How to Choose a New PC Case

Move Your PC Components From the Old Case to the New One

The process of transferring components from one case to another is in some ways simpler than the process of selecting the new case. Start with the components that you can easily uninstall, move, and install without affecting any others.

In a typical system build, I like to start by disconnecting all of the wires and power cables in my existing chassis so that I can get the rat's nest out of the case before I try to remove individual components. Pull out the SATA cables and the power supply, and disconnect other wires inside the system. Then pop off your system's side panels, remove your case's front panel (if applicable), and remove your 5.25-inch optical drives. Depending on the design of your new case, you might be able to load these components into the new shell immediately--one reason I love tool-free case designs. Hard drives come next, and they merit the same treatment.

Many tool-free cases let you slot your components into place without using screws or removable case fixtures.

Next, remove your PCI devices, which might consist of a single discrete video card in some instances. Assuming that you aren't running some fancy water-cooling setup, your old case should be empty of practically everything but the motherboard by now. Unscrew it and gently remove it from the case, gripping it by the edges.

If your new case doesn't come with motherboard standoffs, screw them in--and install your motherboard's I/O shield--before attempting to install the motherboard itself.

Once the motherboard is in place, I usually attach the system's PCI devices, especially the video card; however, this approach may make for trickier access to SATA ports or other connectors, depending on the motherboard's layout. On the other hand, waiting to install the video card can pose a bit of a challenge if the power cables on the power supply barely reach the top connectors on the motherboard.

Try to route as many cables as possible behind the motherboard, to keep them from cluttering up your case interior and restricting airflow.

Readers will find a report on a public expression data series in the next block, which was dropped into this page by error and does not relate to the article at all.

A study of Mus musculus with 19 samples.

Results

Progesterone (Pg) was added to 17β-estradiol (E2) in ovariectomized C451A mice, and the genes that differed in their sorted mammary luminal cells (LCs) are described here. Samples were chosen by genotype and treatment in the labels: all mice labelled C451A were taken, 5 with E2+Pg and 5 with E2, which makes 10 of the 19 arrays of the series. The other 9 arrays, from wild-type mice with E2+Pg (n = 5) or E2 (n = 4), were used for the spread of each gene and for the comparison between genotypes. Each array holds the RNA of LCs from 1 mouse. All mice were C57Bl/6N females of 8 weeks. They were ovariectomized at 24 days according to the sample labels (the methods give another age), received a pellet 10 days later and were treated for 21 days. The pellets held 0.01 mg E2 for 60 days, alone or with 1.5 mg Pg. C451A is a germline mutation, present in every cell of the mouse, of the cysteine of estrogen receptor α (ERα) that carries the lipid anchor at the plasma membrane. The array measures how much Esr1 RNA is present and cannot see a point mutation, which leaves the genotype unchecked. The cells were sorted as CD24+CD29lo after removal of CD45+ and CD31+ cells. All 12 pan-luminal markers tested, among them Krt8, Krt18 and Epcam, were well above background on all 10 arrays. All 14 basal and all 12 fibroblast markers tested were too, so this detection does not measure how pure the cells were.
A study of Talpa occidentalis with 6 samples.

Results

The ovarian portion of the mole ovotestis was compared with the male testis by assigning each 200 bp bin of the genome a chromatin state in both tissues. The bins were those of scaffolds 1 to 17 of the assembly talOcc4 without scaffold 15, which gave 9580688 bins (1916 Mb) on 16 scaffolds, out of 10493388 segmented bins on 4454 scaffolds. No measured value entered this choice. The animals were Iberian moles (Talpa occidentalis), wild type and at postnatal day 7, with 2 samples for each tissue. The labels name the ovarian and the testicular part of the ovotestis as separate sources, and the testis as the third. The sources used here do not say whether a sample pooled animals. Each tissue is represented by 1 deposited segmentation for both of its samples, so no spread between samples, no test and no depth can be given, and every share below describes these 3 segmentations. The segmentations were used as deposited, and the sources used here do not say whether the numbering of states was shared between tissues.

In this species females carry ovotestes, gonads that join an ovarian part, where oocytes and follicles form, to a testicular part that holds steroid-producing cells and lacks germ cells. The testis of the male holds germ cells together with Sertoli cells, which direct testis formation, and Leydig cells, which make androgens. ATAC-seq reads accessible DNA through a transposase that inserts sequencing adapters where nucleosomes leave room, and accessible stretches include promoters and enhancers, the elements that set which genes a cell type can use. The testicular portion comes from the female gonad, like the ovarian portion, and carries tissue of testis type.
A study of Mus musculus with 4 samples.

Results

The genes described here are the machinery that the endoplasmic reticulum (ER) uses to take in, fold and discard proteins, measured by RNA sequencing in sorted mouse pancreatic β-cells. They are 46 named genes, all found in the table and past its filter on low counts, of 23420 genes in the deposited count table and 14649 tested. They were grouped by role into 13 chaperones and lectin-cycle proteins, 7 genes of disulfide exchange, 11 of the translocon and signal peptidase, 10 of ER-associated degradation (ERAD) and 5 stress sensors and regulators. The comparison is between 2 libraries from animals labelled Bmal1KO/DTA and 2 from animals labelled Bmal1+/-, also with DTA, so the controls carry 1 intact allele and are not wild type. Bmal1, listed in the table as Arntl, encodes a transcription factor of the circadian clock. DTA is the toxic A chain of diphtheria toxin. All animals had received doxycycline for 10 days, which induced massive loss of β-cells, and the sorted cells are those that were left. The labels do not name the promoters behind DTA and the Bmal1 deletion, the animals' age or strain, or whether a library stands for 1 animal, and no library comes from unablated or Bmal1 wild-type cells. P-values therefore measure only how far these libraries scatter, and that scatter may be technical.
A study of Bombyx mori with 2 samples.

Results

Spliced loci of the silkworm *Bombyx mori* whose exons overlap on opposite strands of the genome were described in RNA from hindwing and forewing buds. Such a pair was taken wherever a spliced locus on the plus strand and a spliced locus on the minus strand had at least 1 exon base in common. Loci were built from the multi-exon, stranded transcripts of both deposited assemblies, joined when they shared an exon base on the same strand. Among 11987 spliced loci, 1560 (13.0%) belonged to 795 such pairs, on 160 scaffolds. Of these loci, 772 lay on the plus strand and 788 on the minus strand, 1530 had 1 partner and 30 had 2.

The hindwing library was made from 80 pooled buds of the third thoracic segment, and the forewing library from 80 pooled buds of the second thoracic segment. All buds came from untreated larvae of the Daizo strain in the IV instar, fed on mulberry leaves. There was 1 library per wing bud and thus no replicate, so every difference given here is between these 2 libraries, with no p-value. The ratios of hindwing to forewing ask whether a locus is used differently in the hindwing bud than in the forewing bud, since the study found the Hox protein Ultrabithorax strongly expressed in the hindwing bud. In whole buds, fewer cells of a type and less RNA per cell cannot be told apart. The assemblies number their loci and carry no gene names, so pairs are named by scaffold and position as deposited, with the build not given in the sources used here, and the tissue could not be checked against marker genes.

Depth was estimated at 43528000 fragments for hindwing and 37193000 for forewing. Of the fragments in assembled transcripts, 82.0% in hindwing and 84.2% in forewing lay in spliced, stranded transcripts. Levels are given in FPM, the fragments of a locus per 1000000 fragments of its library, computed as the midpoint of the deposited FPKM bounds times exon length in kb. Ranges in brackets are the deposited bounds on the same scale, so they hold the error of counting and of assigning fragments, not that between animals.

Once all of your components are in place and you're ready to start connecting cables, try to use your case's built-in cable management options to maximum advantage. In most systems, the goal is to route as many cables as possible behind the motherboard (mashed up against the right side panel). For this purpose, cases that provide multiple routing holes around the motherboard tray or fasteners (for twist ties/Velcro strips/twine or the like) behind it can be immensely helpful. Minimizing clumps of cables in the middle of your PC will give the system better airflow.

Next, examine your case layout and verify whether you need to install the power supply at this stage. I recommend waiting until the last possible moment to install your power supply, to avoid having to deal with a bunch of loose power cables. Unfortunately, some cases make it hard to install your power supply after the motherboard is in place, so plan accordingly. Once you've installed the power supply and finished connecting all of the system's cables, you should be finished.

Transferring components from one case to another isn't especially difficult, even for computer newbies. For most people, the most time-consuming part of the operation involves cable management--unless you're migrating a relatively tricky system build (such as one featuring a liquid cooling loop) to a case that may require some creative thinking to achieve the desired results.

Don't be afraid of cases. Buy one. Build a system in one. You'll be amazed at the options that await your consideration--including plenty of builder-friendly features--on today's market of well-priced, well-designed chassis.